Ākonga at Napier Girls’ High School are the first in Aotearoa New Zealand to contribute to the Student Wellbeing Measures project – development of a wellbeing measures and measuring tool. Acting deputy principal Caroline Johnson says the school has already gained valuable insights from participating in the mahi.
Measure/measures of student wellbeing – with students, for students and by students.
“I wanted to participate in the early stages of this project as the students are placed at the centre of this mahi,” says Caroline Johnson.
This project develops a measure/measures of student wellbeing – with students, for students and by students.
“We need the voice of our ākonga to understand what student wellbeing looks like for them. We need to actively listen to our ākonga.”
Caroline explains that schools in Aotearoa New Zealand need a student wellbeing measurement tool that is culturally appropriate and demonstrates Te Ao Māori concepts of wellbeing. And, she says, it is crucial that we have a set of reliable, valid, and easy-to-use student wellbeing measures for common use that reflect the cultural and educational context unique to Aotearoa.
“I also believe there is a need for a student wellbeing measurement tool in Aotearoa that has a strength-based and mana-enhancing approach. Current wellbeing tools focus on mental wellbeing, bullying, discrimination, and harassment and, while these are important indicators, I am delighted that this new tool will focus on student strengths and positive wellbeing aspirations.
“It is reassuring to know that the Ministry of Education is developing a consistent, holistic, and stable set of measures of student wellbeing that are underpinned and guided by the New Zealand Child and Youth Wellbeing Strategy and not a new framework.”
Caroline is the across school teacher leading the hauora team for Mataruahou Kāhui Ako, as well as being a health and physical education teacher at Napier Girls’ High. She was encouraged to take part in the wellbeing project by Glenn France, lead principal of the kāhui ako, as they wanted a student wellbeing measures tool that could be used to collect data.
“The data could help us respond to common issues across our kāhui ako and support wider community needs. I was excited to hear about a tool that would provide a clear understanding of the concept of wellbeing from the perspective of ākonga,” says Caroline.
With the support of principal Dawn Ackroyd, and head of learning health and physical education Amanda Petera, Caroline facilitated workshops in her Year 9 Health and Year 11 Wellbeing classes.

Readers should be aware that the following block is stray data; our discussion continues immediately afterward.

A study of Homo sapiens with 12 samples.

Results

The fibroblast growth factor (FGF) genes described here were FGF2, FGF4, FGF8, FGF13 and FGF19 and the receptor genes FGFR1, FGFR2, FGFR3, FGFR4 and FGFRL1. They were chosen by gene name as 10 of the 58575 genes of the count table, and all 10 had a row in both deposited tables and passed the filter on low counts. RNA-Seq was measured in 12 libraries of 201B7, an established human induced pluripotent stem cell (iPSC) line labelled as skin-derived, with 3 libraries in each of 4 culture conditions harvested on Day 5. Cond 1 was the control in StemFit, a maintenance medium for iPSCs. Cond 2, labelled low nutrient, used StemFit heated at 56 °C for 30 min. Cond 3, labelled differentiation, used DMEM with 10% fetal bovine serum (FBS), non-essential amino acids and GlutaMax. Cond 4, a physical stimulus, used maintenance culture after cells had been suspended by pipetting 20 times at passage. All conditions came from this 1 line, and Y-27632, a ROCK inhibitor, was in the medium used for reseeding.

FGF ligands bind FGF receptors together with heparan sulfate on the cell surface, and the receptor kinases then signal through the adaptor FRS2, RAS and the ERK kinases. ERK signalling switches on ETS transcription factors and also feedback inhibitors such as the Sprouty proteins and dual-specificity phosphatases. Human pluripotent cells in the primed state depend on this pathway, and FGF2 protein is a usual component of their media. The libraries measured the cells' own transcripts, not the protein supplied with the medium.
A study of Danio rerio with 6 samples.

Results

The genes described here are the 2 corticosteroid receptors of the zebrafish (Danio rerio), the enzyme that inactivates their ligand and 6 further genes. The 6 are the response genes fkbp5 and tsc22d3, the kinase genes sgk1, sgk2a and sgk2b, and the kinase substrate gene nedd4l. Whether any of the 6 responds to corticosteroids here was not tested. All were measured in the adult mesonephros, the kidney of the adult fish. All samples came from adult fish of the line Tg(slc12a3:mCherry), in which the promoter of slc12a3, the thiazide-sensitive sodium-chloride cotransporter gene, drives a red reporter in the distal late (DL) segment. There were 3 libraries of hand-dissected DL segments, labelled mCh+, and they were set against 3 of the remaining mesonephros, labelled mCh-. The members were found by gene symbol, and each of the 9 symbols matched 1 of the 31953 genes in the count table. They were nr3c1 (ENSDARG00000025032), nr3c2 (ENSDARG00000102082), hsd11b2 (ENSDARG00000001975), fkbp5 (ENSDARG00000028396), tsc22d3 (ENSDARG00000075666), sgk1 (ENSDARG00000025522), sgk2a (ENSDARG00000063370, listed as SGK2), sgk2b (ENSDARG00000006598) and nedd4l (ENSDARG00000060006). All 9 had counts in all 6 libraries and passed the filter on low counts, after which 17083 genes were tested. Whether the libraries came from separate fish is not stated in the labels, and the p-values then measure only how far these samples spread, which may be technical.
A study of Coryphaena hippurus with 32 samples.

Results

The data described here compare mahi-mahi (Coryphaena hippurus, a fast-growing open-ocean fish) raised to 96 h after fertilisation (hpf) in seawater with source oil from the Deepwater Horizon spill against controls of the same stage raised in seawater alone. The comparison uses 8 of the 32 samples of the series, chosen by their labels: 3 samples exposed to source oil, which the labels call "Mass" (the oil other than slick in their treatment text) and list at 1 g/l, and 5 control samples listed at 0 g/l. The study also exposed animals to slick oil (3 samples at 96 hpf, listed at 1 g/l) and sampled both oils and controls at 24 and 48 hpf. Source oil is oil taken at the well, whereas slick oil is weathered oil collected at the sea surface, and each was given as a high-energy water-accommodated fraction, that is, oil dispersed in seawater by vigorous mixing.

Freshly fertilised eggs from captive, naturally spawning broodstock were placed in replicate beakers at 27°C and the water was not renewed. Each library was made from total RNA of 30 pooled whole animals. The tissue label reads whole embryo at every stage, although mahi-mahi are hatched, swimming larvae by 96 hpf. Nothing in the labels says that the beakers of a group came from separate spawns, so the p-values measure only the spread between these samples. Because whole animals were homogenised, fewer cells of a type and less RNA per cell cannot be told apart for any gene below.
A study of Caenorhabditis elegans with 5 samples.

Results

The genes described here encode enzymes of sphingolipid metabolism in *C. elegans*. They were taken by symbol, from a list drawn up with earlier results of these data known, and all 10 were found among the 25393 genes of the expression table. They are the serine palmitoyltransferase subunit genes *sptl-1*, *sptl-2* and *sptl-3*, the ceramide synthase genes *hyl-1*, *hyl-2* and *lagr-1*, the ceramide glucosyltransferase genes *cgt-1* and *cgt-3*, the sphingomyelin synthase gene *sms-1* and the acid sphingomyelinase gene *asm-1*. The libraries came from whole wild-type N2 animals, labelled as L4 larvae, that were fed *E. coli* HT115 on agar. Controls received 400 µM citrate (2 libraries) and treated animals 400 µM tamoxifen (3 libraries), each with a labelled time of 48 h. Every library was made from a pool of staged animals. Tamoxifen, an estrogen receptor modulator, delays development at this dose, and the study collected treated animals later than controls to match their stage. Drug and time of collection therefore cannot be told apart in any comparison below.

“You can choose your student engagement mechanism to suit your students and school, and I chose class-based workshops as opposed to online.”
Caroline says students responded well to the animated instructions and clear questions. Workshops are virtual co-facilitated lessons that the class teacher can run independently; they are available in English and te reo Māori.
“It is very flexible; you can fit them around your school timetable and curriculum, and it was easy for me to incorporate into our health programme.”
A classroom kit contains all resources, and the Ministry provides a step-by-step facilitation guide.
“You can choose whether you would like to complete the short version or full version. I completed the short version in 55 minutes, and I imagine that the full version would take approximately two hours,” says Caroline.
Teachers can be flexible in how they run the workshops – they can be broken up over a couple of lessons. There is minimal workload involved and there is no cost for the school.
Caroline says her school has already acted upon information gathered from ākonga.
“I could identify some trends, good practice, gaps, and opportunities to strengthen student wellbeing in our school, and shared these with our wellbeing committee.
“The information has prompted our school to look at our vision around healthy living. For example, many students said that they wanted more food choices at the canteen so we are planning a canteen review and will explore schoolwide food and drinks to encourage healthy eating.”
In response to Year 9 students asking for strategies to support positive health and wellbeing, Caroline adapted the term 2 mental health unit to include tools to manage worry and anger, positive self-talk, mindfulness, gratitude practice, sleep tips, vision boards and how to build self-efficacy.
Some students commented that the school could provide more support for the LGBTQIA+ community, so teachers were reminded of using correct pronouns and making the school a safe, accepted, and inclusive place.
“I would encourage other schools (Years 7–13) to participate in the student engagement phase so that the Ministry of Education can develop a consistent set of measures of student wellbeing across Aotearoa. We need to build a set of key quantifiable measures that are meaningful, relevant, valid, trusted, and reliable. School leadership and kāhui ako will utilise these measures to monitor, respond and improve student wellbeing. We need as many students as possible to participate in this important mahi. Ultimately, we know that good student wellbeing improves learning outcomes.”
The student engagement phase is open until 30 June 2022.